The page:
How to Sell Tickets to People Who Won’t Answer the Phone

About Kirk Wakefield

Kirk Wakefield is Executive Director of the S3 Program, publisher & editor of the Baylor S3 Report, author of Team Sports Marketing (www.teamsportsmarketing.com), and is the Edwin W. Streetman Professor of Retail Marketing at Baylor University.

Do you answer a call from an unknown number? Neither does anyone else.

Americans spend upwards of 4 hours a day on smartphones, but odds of answering an unidentified caller are about one in four. Millennials are even less likely to answer: Phone calls are seen as intrusive, impersonal, presumptive, time-consuming, and annoying.

According to Nielsen, Millennials spend more time on mobile devices than on TV. So, how do we reach them? We find them where they are and sell the way they like to buy.

Geo-Targeting: Raiders Case Study

Where people come from influences how they buy–and how much they’ll pay and when. Working with our partners at StubHub, we find out-of-town fans are willing to pay significantly more, even as game time approaches. Below we see the difference in ticket prices paid for Raiders games in 2016, which is similar to other markets with respect to time and distance. Using geo-targeting, we can target campaigns (e.g., Google AdWords; emails) based on location.

 

Single-game buyers and, increasingly, multiple-game buyers prefer choosing individual games (vs. ticket plans) when they want to buy and when they want to go. Young consumers have always been variety-seekers. But, Nielsen reports all buyers are increasingly focusing on a wider variety of entertainment options than in the past. Buyers aren’t just thinking about your team (i.e., the Raiders). They may just as easily click on the next Groupon, social media offer, or Yelp recommendation.

Today’s ticket buyer is twice as likely to visit ticket websites (primary & secondary sources) than to directly contact the team. Younger buyers expect frictionless[1] experiences. That’s why teams optimize for mobile sales and distribute tickets on secondary markets to take advantage of buyers where they are and how they want to buy.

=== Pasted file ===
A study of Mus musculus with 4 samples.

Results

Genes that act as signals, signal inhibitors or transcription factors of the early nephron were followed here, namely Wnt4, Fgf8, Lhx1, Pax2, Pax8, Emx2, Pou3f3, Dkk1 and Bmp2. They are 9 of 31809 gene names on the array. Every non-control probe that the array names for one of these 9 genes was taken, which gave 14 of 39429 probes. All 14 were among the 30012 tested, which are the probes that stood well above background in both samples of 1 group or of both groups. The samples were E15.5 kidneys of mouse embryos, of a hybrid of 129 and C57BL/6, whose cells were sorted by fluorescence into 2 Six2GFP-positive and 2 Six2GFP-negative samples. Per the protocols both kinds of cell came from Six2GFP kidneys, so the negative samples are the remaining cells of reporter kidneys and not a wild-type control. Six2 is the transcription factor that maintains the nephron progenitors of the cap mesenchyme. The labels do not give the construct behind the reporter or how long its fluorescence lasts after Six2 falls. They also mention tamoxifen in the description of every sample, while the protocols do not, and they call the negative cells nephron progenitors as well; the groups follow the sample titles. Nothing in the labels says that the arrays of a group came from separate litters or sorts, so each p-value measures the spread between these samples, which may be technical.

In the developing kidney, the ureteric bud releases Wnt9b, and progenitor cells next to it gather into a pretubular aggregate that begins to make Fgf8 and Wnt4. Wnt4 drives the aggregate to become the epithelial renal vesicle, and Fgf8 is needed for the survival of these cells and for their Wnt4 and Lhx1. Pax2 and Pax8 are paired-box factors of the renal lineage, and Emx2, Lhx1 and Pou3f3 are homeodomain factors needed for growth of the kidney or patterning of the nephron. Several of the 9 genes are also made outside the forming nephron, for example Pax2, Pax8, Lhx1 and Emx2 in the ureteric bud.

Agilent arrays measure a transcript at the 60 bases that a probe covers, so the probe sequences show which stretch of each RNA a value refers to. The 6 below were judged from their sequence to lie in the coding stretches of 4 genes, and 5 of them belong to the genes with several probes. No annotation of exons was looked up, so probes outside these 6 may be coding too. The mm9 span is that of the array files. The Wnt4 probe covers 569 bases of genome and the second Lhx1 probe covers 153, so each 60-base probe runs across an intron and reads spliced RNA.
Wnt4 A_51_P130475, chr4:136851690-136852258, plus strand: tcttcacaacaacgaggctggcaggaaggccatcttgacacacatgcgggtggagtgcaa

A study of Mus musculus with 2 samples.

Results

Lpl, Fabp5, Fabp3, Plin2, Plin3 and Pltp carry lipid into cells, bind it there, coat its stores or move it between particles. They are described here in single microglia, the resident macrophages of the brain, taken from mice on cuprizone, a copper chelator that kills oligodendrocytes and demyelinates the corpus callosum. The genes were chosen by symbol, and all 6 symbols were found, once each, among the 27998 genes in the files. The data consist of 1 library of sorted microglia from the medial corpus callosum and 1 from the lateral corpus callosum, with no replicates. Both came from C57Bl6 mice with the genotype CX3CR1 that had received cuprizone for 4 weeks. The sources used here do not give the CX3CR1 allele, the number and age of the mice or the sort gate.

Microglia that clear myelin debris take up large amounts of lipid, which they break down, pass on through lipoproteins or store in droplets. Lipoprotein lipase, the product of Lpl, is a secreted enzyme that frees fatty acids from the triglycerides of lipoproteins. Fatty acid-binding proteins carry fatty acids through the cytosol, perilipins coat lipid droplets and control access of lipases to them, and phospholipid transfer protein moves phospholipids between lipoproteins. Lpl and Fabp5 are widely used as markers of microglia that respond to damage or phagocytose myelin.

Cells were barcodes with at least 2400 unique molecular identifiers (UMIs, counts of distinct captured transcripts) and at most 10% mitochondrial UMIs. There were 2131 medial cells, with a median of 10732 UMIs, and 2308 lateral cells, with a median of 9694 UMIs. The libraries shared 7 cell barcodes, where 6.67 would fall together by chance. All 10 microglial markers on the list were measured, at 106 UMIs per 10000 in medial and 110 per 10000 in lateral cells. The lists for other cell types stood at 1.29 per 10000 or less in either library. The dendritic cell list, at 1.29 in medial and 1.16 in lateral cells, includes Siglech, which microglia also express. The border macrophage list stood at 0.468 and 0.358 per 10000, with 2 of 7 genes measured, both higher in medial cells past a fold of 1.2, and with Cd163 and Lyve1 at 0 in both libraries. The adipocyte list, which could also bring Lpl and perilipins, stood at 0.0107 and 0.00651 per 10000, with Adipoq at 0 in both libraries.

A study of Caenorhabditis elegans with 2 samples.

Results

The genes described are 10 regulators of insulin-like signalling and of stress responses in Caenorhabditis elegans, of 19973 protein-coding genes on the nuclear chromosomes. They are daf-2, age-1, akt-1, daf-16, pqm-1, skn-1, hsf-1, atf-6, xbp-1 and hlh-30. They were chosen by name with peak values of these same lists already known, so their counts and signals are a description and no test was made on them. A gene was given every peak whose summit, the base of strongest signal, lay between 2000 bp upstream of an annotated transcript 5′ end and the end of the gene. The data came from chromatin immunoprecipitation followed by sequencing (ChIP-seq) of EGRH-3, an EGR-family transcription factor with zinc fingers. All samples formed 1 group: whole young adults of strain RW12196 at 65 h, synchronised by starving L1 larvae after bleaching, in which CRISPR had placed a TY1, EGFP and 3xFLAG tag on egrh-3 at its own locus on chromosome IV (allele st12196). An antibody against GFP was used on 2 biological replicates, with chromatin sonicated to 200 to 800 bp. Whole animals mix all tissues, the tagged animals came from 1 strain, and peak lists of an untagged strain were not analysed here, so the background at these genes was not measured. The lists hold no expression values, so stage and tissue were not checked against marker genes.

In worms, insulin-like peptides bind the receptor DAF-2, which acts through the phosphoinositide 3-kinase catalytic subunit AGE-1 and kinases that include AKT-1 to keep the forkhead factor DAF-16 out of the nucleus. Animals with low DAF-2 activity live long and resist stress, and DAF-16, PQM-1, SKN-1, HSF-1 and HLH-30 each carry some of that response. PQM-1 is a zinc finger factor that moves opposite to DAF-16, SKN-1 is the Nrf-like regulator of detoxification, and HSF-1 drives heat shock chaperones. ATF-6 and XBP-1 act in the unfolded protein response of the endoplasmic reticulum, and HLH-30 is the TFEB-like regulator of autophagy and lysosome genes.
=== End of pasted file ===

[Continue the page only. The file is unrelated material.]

What do buyers really want?

You need to know how seats are moving in the open market to appropriately set season ticket and individual game prices to maximize revenue.

Ticket distributors (e.g., Eventellect) and sellers (e.g., StubHub) help teams understand the dynamic nature of markets by analyzing what inventory sells through and at what prices. Sample data for an NCAA property (left) illustrates a typical pattern of average ticket prices (ATP) by seating area and the percentage of those tickets which sold (STR: Sell Thru Rate).

Buyers are less price sensitive for sports & entertainment events than for pretty much anything else. [2] Here, the highest priced premium seats ($900+) and the Field Club ($250) seats sell through well (75-80%). The lower STR (67%) for Stadium Club seats suggests needed adjustments to improve perceived value compared to the more or less expensive seats nearby. The high STR on New Alumni seats suggests the team could raise those prices, but may have overshot the mark on the Gold Zone seats. Without this data, this team would continue to leave money on the table or empty seats with inefficient pricing schedules.

The right side of the charts above show the hottest seat sections on the market for this team. If they offer inventory using dynamic pricing, share revenue with a consolidator, or (opaquely) distribute via a ticket provider like StubHub, they will capitalize on the high demand for specific sections (e.g., Benchback I and Gold Zones W and CC).

When should we release inventory and adjust prices?

Most individual game tickets sell during the week prior to the event. Well over a third sell in the last 72 hours. As the sample data shows below, advance ticket buyers are willing to pay more (ATP = $128) compared to those buying in the month leading up to the event (ATP = $72).

When should tickets be released for individual purchase? Earlier is better. Some teams hold tickets back to release close to game time. But, we can see this is not the best time to get the highest price. In a forthcoming journal article, we find that experienced sports & entertainment buyers have learned it’s better to wait to buy. But, if you want to sell high–like to out-of-town visitors and other infrequent, inexperienced buyers, supply needs to increase well in advance.

Conclusion

We’ve been analyzing retail pricing strategies for over 25 years. Pricing strategies in sports are quickly catching up with corporate practices, but much less is known about pricing intangible services than pricing tangible goods and products.

If you’d like to learn more about opportunities to analyze your ticket data or gain more insights, feel free to reach out to our friends at StubHub: Charlie Rockman, Nick Rudolph, and Adam Budelli. If your organization is interested in collaborating in our research center, please contact Kirk Wakefield.

 

  2. [2]Wakefield & Inman (2003), “Situational price sensitivity: The role of consumption occasion, social context and income,” Journal of Retailing, Vol 79(4), 2003, 199-212.